Think grade is determined by the ratio of height to length that is, a 10 foot rise in a 100 foot length would be a 10% grade. Is that correct? If so, how does one determine such other than with a rough estimate? Read often of people dealing with a certain percentage of grade but are they just estimating based on experience? Guess they must be. Any thoughts?
    Elevation gain divided by feet and multiplied by 100.
    An 800 foot climb divided by 3 miles would be 800 / 15840= .05050 x 100= 5.050505 or 5.05 percent.
    That only gives you a total and in most cases there are places in that climb that will be in excess of 5 percent.

    Garmin or a computer that measures similar is the only way.
    Not the only way. You can use a bubble level, you can measure the start and end elevation of hill, you can use known elevations, many popular climbs have their stats published, etc. Ultimately you need to know how much elevation gain and how much distance travelled. How you get that information does not matter.


    Technically, grade is rise over run; but in practice you can use the hypotenuse (the distance on the road itself) and it's close enough for gov'ment work.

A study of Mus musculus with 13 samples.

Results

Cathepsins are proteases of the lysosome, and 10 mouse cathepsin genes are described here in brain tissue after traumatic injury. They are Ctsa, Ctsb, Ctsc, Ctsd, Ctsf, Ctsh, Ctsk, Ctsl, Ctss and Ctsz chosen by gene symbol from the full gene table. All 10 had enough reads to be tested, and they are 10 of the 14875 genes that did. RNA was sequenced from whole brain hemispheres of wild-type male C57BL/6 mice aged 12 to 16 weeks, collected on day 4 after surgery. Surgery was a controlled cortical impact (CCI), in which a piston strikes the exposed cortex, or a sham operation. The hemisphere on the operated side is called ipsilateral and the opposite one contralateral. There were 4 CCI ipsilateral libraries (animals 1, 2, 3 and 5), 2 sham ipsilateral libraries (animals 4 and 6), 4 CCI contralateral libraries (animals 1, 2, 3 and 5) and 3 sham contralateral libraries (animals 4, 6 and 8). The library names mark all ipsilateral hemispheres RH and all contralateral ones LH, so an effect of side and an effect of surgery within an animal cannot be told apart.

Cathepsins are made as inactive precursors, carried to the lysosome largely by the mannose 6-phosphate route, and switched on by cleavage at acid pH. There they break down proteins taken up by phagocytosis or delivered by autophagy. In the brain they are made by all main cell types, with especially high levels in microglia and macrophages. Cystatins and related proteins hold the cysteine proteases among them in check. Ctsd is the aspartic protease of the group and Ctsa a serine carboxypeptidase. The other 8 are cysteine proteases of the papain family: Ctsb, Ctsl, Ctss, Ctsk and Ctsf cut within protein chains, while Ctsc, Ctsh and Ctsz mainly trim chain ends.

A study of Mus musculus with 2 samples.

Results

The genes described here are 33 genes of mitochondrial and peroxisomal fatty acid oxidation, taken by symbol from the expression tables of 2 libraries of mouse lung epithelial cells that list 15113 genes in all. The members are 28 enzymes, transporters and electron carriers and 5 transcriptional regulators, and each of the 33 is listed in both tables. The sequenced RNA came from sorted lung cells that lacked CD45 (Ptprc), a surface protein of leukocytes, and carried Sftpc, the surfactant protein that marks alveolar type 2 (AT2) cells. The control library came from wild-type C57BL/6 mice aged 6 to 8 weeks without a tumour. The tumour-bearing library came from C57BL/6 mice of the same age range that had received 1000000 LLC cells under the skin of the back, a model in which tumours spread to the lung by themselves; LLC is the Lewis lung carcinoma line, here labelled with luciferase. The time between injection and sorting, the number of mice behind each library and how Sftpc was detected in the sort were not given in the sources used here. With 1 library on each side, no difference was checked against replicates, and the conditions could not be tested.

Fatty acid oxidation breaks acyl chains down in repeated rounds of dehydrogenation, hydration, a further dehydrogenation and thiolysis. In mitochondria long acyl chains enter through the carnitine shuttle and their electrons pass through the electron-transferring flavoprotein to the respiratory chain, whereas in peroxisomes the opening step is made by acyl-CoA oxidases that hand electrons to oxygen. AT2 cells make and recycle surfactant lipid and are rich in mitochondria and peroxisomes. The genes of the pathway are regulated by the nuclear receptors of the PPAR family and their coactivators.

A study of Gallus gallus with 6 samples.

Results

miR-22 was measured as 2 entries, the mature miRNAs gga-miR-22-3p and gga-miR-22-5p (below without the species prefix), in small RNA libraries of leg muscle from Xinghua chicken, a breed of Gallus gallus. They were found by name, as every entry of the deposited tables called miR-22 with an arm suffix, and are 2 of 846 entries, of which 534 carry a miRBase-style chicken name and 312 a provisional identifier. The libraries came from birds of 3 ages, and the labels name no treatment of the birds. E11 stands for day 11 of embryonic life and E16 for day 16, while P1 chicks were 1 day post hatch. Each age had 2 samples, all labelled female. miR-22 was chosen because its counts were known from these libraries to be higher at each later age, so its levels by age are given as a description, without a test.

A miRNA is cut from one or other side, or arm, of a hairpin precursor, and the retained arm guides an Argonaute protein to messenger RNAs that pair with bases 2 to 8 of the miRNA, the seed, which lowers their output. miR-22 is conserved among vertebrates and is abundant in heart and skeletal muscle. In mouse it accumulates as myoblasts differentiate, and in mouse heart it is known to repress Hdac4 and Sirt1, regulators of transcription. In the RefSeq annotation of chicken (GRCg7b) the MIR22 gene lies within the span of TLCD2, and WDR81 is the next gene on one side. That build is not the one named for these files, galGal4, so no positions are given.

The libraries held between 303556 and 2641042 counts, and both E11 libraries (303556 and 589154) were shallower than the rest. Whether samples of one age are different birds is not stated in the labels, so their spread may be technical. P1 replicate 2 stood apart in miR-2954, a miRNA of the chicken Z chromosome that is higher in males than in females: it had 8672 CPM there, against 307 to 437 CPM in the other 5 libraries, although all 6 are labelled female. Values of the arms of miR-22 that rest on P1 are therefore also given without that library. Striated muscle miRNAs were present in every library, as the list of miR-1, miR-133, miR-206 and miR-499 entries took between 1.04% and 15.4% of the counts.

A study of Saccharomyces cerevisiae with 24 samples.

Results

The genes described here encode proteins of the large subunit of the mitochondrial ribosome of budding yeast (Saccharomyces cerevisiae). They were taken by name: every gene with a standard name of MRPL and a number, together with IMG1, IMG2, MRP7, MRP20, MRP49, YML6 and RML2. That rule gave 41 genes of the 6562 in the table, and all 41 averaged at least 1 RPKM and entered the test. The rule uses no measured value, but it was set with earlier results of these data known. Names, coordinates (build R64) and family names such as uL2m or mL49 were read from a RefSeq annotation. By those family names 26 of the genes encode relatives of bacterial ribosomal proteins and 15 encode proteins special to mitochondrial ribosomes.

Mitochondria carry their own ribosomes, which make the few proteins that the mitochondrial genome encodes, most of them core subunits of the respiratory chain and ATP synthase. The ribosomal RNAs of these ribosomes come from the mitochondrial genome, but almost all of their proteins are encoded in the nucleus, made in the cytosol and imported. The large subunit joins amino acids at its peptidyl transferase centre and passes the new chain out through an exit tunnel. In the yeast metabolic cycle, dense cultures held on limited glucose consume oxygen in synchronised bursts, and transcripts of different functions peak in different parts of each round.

Right...it's elevation change divided by horizontal distance (and then multiply by 100 to get %), but for small angles, using the distance along the road instead of horizontal distance is close enough. The difference is the difference between sine and tangent of the angle...using horizontal is the tangent, using road distance (hypotenuse) is the sine.

    Think grade is determined by the ratio of height to length that is, a 10 foot rise in a 100 foot length would be a 10% grade. Is that correct? If so, how does one determine such other than with a rough estimate? Read often of people dealing with a certain percentage of grade but are they just estimating based on experience? Guess they must be. Any thoughts?
    Slope, I think, is the technical word. http://cs.selu.edu/~rbyrd/math/slope/



    One of the steeper places I measured is a little dip in between two hills where you can just coast through it from either direction, and it doesn't occur to anyone that it's steeper than the 5% hill down the way.
    www.gmap-pedometer.com , click elevation Large

    You still have to do math on these, but they will give you distance and elevation.

    Technically, grade is rise over run; but in practice you can use the hypotenuse (the distance on the road itself) and it's close enough for gov'ment work. You can get a bubble level that mounts on the handlebars and is marked for up to 10 or 12% grade, but I can't seem to find a link.
    Yup. Good enough til about 10% then errors begin to be significant. At a true 100% grade calculating the wrong way gives 70%.

    Few roads are over 10% for any distance. Excluding Fargo street, a road in Los Angeles where the Wheelman have an annual hillclimb event the steepest I have been on in a bike related situation was 13%.